Sequencing comes into play in multiple areas of math, so it’s important to make sure which aspect of sequencing you are thinking about or learning about.
- Counting to 100 and back to 1 by ones
- Naming Days of the Week, Months, Continents, etc.
- Skip Counting and Coin Sequences
- Addition and Multiplication Facts
- Multi-Step Procedures (like long division)
- Following Multi-step Directions
- Solving Word Problems
To keep it really interesting, the reasons why sequencing is difficult can vary! I’ll address the reasons with each aspect of sequencing.
Let’s start with counting to 100 by 1’s. This is a great example of a math task that is conceptually fairly straightforward, as long as students have 1-to-1 correspondence, but can be very difficult to execute despite that understanding. This is one of those skills that can have a deep impact on learning. If you have trouble counting up, learning addition can be very challenging.
A student who is struggling with counting might sound something like this:
“One, two, three, um, one, two, three, four, five, um, six, seven, um” Starts building up some momentum, “One, two, three, four, five, six, seven, eight, nine, ten, umm…”
Expressive Language: A student who is having difficulty counting because of expressive language issues will benefit from hearing someone else count with them while using objects to count. For students who are having a particularly difficult time with producing the names of numbers, I will write the names on base-ten blocks to help support the process of learning to count.
Word Retrieval: A student might know the counting sequence well and all the names for the numbers, but when they go to grab the word, it’s not there. You know that feeling when a word is on the tip of your tongue, but you can’t quite find it? Imagine that happening every day, throughout the day. Assuming the student can read, writing out the words for the numbers can help support this student. You could write them out on a list off to the side, or list them in order. Practicing naming the numbers out of sequence will also help.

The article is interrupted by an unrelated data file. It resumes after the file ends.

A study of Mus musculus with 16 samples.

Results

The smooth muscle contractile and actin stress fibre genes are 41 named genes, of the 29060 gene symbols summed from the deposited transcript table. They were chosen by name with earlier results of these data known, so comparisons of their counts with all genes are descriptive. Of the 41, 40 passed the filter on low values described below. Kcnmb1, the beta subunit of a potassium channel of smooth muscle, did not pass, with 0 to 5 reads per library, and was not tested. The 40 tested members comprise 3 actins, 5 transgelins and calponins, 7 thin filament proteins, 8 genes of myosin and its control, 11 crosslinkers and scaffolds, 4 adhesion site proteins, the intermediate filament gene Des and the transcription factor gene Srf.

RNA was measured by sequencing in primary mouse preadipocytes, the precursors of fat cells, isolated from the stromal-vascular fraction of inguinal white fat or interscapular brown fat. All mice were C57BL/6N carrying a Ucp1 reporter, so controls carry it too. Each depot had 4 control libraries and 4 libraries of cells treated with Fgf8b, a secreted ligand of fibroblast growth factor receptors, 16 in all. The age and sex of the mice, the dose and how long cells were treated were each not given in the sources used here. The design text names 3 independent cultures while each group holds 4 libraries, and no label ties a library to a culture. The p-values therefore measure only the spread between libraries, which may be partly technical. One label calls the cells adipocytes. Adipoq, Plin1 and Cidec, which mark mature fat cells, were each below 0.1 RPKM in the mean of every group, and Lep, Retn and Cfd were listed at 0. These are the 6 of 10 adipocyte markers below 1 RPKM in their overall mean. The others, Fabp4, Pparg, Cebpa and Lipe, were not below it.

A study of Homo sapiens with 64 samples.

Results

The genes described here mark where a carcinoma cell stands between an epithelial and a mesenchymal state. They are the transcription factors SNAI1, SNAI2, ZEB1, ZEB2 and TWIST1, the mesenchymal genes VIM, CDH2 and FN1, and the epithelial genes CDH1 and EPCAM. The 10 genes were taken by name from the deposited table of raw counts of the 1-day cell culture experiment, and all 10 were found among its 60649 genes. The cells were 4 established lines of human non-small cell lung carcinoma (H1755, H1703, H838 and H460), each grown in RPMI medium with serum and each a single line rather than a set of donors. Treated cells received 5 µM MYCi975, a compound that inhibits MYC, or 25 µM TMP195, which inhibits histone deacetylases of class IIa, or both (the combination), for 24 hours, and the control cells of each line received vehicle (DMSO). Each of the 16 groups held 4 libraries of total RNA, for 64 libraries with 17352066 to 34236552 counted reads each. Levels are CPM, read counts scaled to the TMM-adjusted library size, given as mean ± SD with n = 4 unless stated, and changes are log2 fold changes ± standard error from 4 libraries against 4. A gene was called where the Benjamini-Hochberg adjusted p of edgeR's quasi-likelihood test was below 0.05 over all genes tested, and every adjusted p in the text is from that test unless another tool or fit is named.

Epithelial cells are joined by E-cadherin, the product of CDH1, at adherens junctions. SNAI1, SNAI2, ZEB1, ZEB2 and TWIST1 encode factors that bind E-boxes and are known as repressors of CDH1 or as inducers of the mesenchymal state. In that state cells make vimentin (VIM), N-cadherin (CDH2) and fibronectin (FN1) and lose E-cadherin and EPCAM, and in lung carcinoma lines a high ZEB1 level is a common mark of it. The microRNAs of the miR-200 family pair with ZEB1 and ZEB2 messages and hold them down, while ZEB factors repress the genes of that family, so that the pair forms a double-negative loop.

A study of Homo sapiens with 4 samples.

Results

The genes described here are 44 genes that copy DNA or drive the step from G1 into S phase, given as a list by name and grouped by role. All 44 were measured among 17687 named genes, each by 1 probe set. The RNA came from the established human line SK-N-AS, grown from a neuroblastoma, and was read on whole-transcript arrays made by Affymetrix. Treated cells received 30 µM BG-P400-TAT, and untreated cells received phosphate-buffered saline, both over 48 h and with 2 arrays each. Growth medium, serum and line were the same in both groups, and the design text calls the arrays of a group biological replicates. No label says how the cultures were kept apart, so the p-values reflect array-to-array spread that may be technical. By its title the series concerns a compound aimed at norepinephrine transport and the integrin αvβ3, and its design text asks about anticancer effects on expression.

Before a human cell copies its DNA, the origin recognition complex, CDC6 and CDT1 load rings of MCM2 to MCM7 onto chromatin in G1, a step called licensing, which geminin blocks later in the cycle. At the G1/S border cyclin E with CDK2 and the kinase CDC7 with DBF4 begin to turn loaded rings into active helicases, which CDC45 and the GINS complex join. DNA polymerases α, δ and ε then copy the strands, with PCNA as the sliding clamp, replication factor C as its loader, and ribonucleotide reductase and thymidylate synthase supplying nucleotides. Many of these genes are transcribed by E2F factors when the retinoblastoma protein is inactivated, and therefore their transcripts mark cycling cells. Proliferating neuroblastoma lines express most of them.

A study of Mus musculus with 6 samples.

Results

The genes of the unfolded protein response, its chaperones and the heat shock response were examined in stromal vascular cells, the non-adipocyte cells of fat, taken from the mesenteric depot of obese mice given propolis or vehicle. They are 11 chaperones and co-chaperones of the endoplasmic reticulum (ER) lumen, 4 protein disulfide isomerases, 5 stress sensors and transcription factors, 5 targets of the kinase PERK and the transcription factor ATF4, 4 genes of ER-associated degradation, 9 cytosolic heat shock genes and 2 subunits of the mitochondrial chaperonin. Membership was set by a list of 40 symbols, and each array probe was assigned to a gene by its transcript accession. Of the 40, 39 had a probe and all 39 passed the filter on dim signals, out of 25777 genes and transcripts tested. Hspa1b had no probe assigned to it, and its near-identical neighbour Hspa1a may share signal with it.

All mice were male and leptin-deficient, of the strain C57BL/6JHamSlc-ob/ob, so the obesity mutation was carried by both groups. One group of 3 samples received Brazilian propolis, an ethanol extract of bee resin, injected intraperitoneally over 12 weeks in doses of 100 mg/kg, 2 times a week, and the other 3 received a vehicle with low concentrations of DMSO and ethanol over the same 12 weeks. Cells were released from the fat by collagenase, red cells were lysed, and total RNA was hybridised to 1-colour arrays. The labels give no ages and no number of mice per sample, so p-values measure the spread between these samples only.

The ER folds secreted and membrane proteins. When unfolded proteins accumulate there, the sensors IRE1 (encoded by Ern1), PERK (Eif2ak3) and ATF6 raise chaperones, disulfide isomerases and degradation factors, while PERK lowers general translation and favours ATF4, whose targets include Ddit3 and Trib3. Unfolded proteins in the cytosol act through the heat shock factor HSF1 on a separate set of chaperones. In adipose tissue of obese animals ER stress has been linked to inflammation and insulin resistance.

Auditory Memory: Remembering the days of the week, counting, multiplication, and the seasons can be difficult due to weak auditory memory. This also shows up in writing, when a student can only remember part of a sentence that they are trying to write. Auditory memory can be improved simply by practicing sequences, recalling sentences from memory (start at a manageable level and then make it longer over time), and by listening to simple tunes and reproducing them on a piano. If this seems to be exceptionally hard, I usually recommend that parents consult with an audiologist.
Attention: If a student is losing their place in the sequence because they start talking about something else, or pause and lose track, give them something physical to count. The physical stimulation is usually enough to keep their attention on the task. Adding in a metronome can also help. You set the speed to match the rate at which the student is counting.
Processing Speed: For student who can count to 100 but slowly and laboriously, I use a number sheet in rainbow colors and have them alternate from naming the colors to naming the number, and then combine that with a metronome at a pace that matches their counting. I’ll sometimes add in a wiggle board as well, so they have to keep track of the rhythm while balancing. This engages many senses at once and makes it so challenging that once you take away the wiggle board and the metronome, counting seems easier!
Working Memory: If a student has trouble switching between the tens place, “18, 19, . . . .20” and then zips through the 20’s until “29……30!” then I encourage them to practice counting by tens, and then focusing in on “19, 20. 29, 30. 39, 40…” until it becomes more automatic. This is not something I’ll spend a lot of time on unless there is such a significant delay that they start to derail completely.
Once a student can easily count up to 100 and understands how the numbers repeat at each new set of ten, I have them practice counting down from 100 to 1. That’s a significantly harder task!
I scaffold this process by making sure they can easily count down from 10 to 1, then 20 to one. Then 100 to 0 by tens. And then we combine it all. Some students need extra support at first. Sometimes I hold my fingers up to keep track of the 10’s, or I give them a quiet verbal cue for the next lower ten. I have worked with some students who consistently need to figure out the lower ten before starting with the nine. For instance, they might say “…94, 93, 92, 91, 90, 80, 89, 88, 87…” – as long as I know they are just cueing themselves, I chalk that up to an effective strategy.